Preserving Your Story • Part One

Preserving Your Story • Part One

“A person’s memory is everything, really. Memory is identity. It’s you.” – Stephen King

I grew up within a family of storytellers. Every meal was full of anecdotes and remembrances and jokes about, “remember that time?”

Years later, when I became my grandmother’s caregiver, the stories became the illuminated path to help guide her back towards her sense of self.

Family stories and anecdotes can become keys to unlock some of the hardest days. Whether you are the active caregiver or receiving care, sharing your life’s journey is a fantastic activity that everyone can take part of.

Don’t think you have lived a remarkable story? Pull up some episodes of the genealogical based show, Who Do You Think You Are? This show features celebrities climbing back through their family trees.

The most interesting and compelling discoveries are the slices of life stories. Simply finding out what their ancestors did every day!

Before you begin make sure you have a way to chronicle the experience. Ask if you can video record the conversation. If that isn’t an option consider an audio recording. At the very least you will need paper and pen to document and preserve the answers.

Make the interview process a date and make it special. Set it in a warm and safe environment that invites easy sharing. This is something to do tucked in a quiet corner, not in a loud restaurant or in a place where there are many distractions.

Turn your ringer off, flip your phone over (if you aren’t using it as a recording device), and make sure you both have water.

Here are some sample questions to ask, either yourself or the person you care for:

  • What is your full name? Where were you born? When? Do you recall any stories you were told about the day you were born?
  • Who was the oldest person in your family when you were a child? What do you remember about them?
  • What did your parents do for a living? What was your childhood home like? Did you play with any of your neighbors?

As a child I soaked up the stories. They were my lore, the history.

  • What is your favorite story about your mother? About your father? Do you know how they met?
  • Tell me about family gatherings at holidays? What were the meals like?
  • What was going to school like? Did you enjoy it? What was your favorite subject? Who was your favorite teacher? Did you have any school crushes?
  • Did you have any family pets? What were their names?
  • Did you go to church with your family? What was that like?
  • How did you meet your husband/wife? Tell me about the first date. Do you remember the 2nd date?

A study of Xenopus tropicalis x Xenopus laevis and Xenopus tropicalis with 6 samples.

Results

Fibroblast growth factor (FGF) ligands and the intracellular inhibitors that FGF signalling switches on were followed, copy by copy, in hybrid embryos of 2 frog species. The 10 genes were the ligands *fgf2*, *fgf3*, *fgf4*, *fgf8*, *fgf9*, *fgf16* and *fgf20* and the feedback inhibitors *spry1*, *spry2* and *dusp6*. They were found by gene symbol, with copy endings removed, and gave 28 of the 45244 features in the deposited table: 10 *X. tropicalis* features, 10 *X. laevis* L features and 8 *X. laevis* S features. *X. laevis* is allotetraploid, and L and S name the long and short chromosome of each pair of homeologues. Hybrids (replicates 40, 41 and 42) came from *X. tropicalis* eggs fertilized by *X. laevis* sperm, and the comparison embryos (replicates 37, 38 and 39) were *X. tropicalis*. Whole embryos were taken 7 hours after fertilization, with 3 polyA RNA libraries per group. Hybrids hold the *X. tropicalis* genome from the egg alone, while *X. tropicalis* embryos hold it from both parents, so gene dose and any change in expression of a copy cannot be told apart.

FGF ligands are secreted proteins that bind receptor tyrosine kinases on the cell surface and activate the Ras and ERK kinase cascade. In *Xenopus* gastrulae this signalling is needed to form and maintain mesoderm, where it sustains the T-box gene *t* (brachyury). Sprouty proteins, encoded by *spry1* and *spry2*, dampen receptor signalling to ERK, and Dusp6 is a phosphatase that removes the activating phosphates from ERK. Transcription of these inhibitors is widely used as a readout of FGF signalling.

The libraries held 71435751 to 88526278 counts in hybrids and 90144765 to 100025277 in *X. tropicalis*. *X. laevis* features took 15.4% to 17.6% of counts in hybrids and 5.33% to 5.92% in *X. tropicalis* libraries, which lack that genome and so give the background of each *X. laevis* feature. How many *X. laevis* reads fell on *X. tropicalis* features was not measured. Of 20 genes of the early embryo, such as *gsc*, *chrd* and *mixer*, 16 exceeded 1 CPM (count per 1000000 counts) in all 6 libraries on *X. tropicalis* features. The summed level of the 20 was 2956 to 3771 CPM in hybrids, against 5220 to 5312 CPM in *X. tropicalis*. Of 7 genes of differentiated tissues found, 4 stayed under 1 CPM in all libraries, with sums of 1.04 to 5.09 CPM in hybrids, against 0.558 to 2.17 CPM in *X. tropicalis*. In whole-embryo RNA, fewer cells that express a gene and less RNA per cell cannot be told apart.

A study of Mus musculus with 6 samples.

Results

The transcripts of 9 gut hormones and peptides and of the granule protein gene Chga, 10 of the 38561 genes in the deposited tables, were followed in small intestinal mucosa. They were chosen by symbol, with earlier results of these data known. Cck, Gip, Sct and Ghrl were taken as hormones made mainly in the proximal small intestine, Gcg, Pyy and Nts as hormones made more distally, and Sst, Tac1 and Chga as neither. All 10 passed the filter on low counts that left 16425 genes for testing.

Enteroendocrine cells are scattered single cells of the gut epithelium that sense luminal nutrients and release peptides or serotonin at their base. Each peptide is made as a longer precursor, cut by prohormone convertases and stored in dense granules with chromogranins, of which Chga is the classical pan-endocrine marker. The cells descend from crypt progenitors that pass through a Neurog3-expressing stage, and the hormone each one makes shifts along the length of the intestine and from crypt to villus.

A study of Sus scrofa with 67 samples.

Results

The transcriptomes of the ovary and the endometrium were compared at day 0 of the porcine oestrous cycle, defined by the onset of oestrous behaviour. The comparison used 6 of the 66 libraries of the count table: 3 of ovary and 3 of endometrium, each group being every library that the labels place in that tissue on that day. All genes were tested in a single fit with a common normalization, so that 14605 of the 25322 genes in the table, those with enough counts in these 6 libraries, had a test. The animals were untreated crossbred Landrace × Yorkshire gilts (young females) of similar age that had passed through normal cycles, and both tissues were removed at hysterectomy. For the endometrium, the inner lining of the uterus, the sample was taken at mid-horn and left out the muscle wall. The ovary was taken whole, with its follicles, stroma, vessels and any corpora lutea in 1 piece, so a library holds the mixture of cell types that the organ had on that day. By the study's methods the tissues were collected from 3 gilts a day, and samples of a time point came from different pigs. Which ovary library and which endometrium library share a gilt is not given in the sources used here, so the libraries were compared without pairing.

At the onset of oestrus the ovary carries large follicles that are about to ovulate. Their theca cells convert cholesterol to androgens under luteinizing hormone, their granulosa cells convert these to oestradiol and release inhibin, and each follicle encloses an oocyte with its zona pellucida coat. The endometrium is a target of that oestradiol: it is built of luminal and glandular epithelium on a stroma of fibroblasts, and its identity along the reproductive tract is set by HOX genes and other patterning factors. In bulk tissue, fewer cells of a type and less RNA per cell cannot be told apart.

• Who was at your wedding? Where did you go for your honeymoon? Where did you live after you got married?
  • Tell me about your home? What was your favorite room?

There are many resources online to find additional interview questions, the goal is simply to get started.

Tips for interviewing:

  • Try to start your interview before lunch. Fatigue or sundowning can make afternoon interviews a challenge.
  • Don’t overwhelm with questions. If you want to pick three or four within a theme that might make your loved one the most at ease. You could begin by saying, “Today I am going to ask you questions about your wedding.”
  • Listen. The mind and our memory is awesome. Some of these questions may unlock some great days. Let your loved one meander through her/his memories and share them.
  • Don’t have an agenda. If you are looking to find out where the long-lost silverware is – this is not the way. Having a motive that is less than honorable will yield less than great responses.
  • Be comfortable. Both of you. There really is no need to get overly formal with setting while you are interviewing. If your loved one is relaxed and comfortable and happy to talk while in the cozy den chair – so be it!
  • As soon as you can after the interview, write up the notes and save them. Email a copy to family members.

These stories are important to save for the sake of saving, but they may also become valuable later on.

Your loved one’s identity is bound up in the memories, and by preserving that history you are helping preserve that unique identity.

Dresden Shumaker is a writer, advocate, and former full-time and live in caregiver to her grandmother. She chronicles her adventures in single parenting on CreatingMotherhood.